Your loved one has recently passed away and other family members are beginning the process of executing the deceased's estate plan in Texas. Learning that you were not named in his or her will despite the connection you had to the deceased, as well as the relationship you maintained throughout the years, can be incredibly challenging and saddening. At Doehring & Doehring Attorneys at Law, we have helped many people prepare for probate.
When people begin the process of planning their estate in Texas, they may be facing uncertainty and hesitation when it comes time to designating beneficiaries and heirs. They may have anxiety about choosing the right people and hoping that they do not offend anyone in making decisions regarding how they would like their assets to be split. This concern is valid considering how often surviving family members quibble over what should be done with a deceased person's remaining assets.
According to MoneySense, the executor of a Texas estate has a duty to protect the estate, probate the will and pay both creditors and beneficiaries. An executor also has certain fiduciary duties, which you can learn more about below. If an estate administrator breaches any one of his or her duties, he or she may be subject to serious legal and financial ramifications. However, because a breach of duty affects the outcome of estate administration, it is important to identify an untrustworthy executor and take action to prevent him or her from abusing his or her powers.
In the most basic sense of the law, and according to Cornell Law School's Legal Information Institute, "undue influence" occurs when one party of a contract puts the free will of another party into question and therefore, leads to the courts declaring the contract unenforceable and voidable by the victim. To prove undue influence, the victim party has the burden of proof to show that he or she has a weakness which makes him or her more likely to be affected by persuasion. Moreover, the victim party must also prove that the influencer has a special relationship with the victim that makes the victim more susceptible to persuasion.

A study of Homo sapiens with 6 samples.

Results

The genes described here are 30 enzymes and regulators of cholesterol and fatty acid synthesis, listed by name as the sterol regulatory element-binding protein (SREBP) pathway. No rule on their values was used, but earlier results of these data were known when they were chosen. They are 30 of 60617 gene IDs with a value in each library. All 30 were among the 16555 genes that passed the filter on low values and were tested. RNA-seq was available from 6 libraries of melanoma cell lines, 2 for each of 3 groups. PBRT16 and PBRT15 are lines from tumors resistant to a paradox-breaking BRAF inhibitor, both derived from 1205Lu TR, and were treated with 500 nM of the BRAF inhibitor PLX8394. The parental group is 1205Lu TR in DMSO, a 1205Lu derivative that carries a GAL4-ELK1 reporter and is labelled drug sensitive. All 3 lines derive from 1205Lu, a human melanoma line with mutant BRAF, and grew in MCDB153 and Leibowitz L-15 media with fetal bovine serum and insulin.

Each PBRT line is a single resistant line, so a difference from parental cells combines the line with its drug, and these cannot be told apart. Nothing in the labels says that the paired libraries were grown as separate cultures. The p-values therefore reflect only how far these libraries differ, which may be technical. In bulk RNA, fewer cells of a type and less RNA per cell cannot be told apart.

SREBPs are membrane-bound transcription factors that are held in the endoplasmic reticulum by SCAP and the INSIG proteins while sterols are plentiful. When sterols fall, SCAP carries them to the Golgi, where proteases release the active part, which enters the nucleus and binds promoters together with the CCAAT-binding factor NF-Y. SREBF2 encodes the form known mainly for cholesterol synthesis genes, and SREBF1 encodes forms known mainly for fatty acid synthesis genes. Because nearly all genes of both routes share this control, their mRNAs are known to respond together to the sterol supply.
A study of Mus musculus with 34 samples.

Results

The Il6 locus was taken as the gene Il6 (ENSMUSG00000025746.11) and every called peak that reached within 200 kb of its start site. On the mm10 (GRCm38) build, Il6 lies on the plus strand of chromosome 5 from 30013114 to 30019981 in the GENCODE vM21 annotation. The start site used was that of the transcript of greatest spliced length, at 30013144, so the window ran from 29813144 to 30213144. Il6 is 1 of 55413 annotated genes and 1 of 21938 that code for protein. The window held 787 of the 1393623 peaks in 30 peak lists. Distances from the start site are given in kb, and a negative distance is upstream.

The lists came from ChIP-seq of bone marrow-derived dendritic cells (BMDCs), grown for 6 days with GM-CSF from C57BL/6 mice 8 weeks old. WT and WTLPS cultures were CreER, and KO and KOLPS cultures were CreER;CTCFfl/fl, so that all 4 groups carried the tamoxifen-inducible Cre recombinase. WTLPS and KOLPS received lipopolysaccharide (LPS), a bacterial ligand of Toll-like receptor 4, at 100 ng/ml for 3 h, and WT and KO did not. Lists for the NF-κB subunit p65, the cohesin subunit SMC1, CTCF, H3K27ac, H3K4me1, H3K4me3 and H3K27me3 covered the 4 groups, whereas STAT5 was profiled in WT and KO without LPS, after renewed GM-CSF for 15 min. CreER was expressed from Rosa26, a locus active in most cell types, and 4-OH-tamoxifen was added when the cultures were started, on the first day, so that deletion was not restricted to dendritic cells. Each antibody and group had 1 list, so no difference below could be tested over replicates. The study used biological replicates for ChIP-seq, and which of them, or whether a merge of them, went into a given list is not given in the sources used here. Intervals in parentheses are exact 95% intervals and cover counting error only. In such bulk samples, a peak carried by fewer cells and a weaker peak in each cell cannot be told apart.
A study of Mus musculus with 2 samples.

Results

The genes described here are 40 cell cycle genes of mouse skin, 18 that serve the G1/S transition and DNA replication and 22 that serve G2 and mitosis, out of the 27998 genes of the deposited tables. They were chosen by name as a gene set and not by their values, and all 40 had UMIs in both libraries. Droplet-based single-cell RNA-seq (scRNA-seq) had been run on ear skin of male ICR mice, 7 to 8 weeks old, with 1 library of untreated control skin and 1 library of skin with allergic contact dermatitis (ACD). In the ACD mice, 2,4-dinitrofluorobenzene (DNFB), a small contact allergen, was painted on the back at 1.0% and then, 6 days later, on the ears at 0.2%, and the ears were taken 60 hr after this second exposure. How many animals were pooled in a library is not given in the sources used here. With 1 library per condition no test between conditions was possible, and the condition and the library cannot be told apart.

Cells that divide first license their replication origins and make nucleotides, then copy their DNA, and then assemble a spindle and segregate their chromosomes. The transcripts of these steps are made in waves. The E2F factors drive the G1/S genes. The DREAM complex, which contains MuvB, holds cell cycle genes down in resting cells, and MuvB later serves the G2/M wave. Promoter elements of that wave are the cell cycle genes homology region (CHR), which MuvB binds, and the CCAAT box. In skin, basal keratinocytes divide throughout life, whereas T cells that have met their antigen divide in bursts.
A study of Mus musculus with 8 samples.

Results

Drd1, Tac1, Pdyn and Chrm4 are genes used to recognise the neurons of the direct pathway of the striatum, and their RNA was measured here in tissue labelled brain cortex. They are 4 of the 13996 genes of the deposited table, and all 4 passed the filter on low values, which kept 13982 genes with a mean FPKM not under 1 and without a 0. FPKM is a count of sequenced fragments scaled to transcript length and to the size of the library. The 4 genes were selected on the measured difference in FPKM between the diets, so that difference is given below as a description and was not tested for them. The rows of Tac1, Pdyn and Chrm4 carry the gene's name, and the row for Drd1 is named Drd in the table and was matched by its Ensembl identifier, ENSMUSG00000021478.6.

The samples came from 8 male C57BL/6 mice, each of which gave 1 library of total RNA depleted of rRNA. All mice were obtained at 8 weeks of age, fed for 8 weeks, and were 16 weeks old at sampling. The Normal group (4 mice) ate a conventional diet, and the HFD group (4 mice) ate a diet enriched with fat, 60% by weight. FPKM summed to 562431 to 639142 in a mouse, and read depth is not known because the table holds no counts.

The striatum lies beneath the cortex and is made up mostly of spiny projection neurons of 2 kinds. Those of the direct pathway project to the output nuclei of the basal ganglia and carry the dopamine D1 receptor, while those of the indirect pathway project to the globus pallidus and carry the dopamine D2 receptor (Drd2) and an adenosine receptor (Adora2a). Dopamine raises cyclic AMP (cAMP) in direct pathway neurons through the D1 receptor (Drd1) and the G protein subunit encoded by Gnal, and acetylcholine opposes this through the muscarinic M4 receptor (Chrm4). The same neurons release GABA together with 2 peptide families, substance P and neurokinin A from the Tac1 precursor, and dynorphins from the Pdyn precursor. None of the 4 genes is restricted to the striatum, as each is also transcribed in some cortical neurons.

Being named the personal representative of a Texas estate comes with many responsibilities. While anyone can make a mistake, serious errors in judgment that negatively affect the assets of the estate could lead to a lawsuit. In fact, a personal representative may be held personally liable for the damages the error caused.
As people near retirement age, they often face the excitement and anticipation of having more time to pursue their passions, travel and spend time with family members. However, as people age, they also face the very real risk of being taken advantage of in some way. More often, there are stories on the news of seniors in Texas who have been cheated or lied to because of someone's fraudulent behavior.
You have recently begun to rethink your will and are considering modifying the heirs you have designated in your original estate plan. Fortunately for you, changing things around is relatively easy and allows you to make needed modifications as your life changes. However, disinheriting a family member can be a bit stressful as you try to do it without causing hurt feelings. At Doehring & Doehring Attorneys at Law, we have helped many families in Texas to coordinate, modify and finalize their estate plan.
There may come a time when you need someone in Texas to take on some of your financial responsibilities. The cause could be a trip out of the country, incapacitation because of a car accident or even age and dementia. We at Doehring & Doehring Attorneys at Law understand that designating fiduciary representation is an essential component of estate planning.